Prime Minister of Spain highlights the EU's concern over jailing of Venezuelan opposition leader
The Prime Minister of Spain, Mariano Rajoy, expressed his concern over the incarceration of opposition leader Leopoldo Lopez and reiterated the concern of the European Union for Lopez's case and the need to respect freedom of expression and the right to demonstrate peacefully in Venezuela.
Rajoy made these assertions during a meeting with Lopez's wife, Lilian Tintori, in Madrid on Wednesday.
The Prime Minister of Spain was not only interested in the status of Lopez's case, who remains jailed in a military prison since February 18, but expressed deep concern about the general situation facing Venezuela, which is home to thousands of Spanish citizens.
On October 8, a Working Group on Arbitrary Detention of the United Nations urged Nicolás Maduro's government to immediately release Lopez after determining that his detention was arbitrary and his human, civil and political rights had been violated by the Venezuelan government as López exercised his constitutional right to public expression and protest. The former mayor of San Cristóbal, Daniel Ceballos, who is also behind bars, received a similar measure from the UN.
On October 20, the UN High Commissioner for Human Rights, Zeid Raad al-Hussein, reiterated the obligation of the Venezuelan Government to abide by the UN opinion, especially with the new post that Venezuela now occupies in the United Nations Security Council, and demanded the immediate release of López and Ceballos and dozens of Venezuelan dissidents imprisoned for protesting.
However, on Wednesday, the Venezuelan government rejected the declaration of the high diplomat and stated that he had "exceeded himself in his mandate".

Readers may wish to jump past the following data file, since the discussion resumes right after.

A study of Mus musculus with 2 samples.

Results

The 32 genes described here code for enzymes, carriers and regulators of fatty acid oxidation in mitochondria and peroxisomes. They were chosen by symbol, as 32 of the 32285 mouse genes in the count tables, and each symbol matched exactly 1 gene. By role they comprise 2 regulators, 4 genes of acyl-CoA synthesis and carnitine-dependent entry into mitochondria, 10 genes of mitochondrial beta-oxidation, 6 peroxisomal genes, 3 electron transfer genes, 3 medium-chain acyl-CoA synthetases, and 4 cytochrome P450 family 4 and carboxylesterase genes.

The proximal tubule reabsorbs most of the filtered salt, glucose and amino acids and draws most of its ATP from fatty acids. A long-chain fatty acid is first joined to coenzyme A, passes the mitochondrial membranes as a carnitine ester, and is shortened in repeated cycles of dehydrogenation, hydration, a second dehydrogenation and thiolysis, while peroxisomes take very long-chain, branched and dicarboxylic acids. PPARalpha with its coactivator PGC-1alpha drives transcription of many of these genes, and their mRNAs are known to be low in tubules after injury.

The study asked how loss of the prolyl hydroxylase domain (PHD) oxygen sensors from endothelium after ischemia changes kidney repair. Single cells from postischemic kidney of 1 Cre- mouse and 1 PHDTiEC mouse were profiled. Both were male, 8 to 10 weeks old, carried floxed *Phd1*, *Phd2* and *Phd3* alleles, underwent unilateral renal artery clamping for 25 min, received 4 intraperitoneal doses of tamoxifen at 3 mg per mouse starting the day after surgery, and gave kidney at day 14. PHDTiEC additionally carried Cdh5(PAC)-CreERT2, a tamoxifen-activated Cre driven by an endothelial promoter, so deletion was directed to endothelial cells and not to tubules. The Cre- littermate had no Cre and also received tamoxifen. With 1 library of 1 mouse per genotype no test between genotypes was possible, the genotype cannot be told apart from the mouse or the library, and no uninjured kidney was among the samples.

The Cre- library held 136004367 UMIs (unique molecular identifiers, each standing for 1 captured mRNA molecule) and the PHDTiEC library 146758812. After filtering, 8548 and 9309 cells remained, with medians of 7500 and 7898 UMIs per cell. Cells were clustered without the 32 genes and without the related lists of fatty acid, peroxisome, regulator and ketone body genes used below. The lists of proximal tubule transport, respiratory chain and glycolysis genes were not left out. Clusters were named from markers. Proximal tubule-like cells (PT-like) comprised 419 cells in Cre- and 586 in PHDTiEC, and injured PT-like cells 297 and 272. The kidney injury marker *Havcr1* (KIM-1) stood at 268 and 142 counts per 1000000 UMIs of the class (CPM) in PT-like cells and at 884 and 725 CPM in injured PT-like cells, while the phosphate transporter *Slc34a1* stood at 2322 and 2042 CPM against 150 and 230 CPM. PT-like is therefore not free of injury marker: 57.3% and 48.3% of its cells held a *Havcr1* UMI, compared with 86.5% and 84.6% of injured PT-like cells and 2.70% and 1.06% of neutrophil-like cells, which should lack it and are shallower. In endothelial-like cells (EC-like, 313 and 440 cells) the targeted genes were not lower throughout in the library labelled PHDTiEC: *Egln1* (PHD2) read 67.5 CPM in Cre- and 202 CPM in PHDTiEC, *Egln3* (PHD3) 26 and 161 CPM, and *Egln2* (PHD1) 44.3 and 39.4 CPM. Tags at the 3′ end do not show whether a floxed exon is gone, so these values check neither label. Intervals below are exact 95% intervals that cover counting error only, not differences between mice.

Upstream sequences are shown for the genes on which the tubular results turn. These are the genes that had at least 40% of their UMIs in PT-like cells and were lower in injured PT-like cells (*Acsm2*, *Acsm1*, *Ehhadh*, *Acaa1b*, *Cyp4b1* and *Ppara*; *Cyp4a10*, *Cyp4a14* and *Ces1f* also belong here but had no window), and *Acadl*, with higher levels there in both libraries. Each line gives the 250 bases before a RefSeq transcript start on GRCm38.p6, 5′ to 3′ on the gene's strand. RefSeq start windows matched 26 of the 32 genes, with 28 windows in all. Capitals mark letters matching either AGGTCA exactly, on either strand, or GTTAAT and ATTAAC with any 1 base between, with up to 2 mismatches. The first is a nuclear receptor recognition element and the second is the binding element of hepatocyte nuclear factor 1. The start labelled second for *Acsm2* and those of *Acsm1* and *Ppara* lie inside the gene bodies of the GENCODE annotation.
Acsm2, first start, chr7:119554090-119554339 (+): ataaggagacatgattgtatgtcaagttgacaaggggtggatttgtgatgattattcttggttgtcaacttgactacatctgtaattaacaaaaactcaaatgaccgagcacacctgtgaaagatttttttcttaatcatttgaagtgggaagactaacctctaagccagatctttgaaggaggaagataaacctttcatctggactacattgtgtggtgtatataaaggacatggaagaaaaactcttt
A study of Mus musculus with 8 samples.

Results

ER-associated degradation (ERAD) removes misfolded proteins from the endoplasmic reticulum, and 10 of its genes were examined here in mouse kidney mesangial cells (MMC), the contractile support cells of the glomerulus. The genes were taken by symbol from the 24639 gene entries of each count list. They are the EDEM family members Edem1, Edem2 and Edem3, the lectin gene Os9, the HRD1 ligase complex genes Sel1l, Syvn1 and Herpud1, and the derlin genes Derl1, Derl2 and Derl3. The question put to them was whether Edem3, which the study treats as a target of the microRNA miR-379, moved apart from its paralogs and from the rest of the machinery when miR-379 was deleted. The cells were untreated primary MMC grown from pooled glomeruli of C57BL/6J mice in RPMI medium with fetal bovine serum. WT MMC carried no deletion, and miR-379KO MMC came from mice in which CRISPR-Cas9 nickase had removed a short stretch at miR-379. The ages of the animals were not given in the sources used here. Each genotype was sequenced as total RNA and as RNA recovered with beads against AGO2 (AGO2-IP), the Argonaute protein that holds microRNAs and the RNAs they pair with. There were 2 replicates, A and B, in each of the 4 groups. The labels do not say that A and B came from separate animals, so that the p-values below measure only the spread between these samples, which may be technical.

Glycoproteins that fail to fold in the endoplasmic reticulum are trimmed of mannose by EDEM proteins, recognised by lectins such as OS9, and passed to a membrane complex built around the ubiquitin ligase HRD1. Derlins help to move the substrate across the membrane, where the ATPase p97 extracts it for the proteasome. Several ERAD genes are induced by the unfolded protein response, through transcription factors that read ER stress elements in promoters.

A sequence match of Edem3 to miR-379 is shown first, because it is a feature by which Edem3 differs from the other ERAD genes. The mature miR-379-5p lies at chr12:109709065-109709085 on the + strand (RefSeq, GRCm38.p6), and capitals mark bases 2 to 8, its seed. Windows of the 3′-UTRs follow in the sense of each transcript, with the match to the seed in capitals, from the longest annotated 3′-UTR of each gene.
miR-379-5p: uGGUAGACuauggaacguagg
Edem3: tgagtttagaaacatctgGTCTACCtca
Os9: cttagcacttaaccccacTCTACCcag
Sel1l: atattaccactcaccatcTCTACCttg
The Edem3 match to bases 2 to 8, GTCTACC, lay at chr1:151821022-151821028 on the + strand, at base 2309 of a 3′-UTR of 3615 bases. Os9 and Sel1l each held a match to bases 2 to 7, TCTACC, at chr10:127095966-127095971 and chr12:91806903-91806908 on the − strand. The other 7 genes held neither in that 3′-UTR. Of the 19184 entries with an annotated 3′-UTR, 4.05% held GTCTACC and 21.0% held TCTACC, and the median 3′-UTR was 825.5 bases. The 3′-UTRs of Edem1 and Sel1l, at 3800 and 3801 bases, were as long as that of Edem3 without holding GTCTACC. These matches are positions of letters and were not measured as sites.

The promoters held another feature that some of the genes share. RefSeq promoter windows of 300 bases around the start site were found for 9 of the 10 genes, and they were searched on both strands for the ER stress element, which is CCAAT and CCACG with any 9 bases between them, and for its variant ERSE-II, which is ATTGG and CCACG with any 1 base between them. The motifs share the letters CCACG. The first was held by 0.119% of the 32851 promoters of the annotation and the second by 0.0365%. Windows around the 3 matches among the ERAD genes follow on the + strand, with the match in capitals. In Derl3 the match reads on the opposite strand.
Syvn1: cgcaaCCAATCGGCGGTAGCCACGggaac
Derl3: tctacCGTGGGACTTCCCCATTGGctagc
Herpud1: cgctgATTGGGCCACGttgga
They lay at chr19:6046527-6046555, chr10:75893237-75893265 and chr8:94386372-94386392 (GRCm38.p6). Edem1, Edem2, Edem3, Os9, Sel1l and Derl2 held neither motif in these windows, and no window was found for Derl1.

BOFA: Drop in oil prices can mean "serious risk" for Venezuelan economy
According to a report released this week Bank of America Merrill Lynch (BOFA), if the current decline in oil prices continues, Venezuela will face an even more difficult economic situation which will require "additional funding" amounting to approximately 12 billion dollars.
Last week the Venezuelan oil basket bottomed out at USD 77.65 per barrel, the lowest price recorded since the second week of November 2010. Venezuelan authorities have belittled the oil drop and promised that prices "will bounce back."
Oil accounts for about 95 per cent of Venezuelan export revenues and although Venezuela has the largest energy reserves in the world, its deteriorating economy has forced President Nicolás Maduro to slash imports to cover foreign debt payments amid a severe hard currency crunch that has already produced shortages of almost everything, from toilet paper to medical supplies.
The BOFA report warned that tumbling oil prices represent "a serious risk" for Venezuela. The institution estimated that oil prices might stabilize at USD 90 per barrel in 2015, instead of USD 95, as it had previously forecasted.
In that regard, the study warned that with each US dollar-decline in oil prices, the Venezuelan public sector loses USD 770 million in net income. The "worst case scenario" would be USD 80 per oil barrel.
Although the bank ruled out the Venezuelan government falling into default on foreign debt, other expert reports assert that a default is possible and even likely.
Venezuela continues to brush off the importance of the falling oil prices, while at the same time asking OPEC to convene an emergency meeting to address the issue, to no avail so far.
"We are convinced this is not due to market fundamentals, but to price manipulation to create economic problems among major oil producing countries," said Rafael Ramírez, Venezuela's foreign minister and the former head of state oil company PDVSA.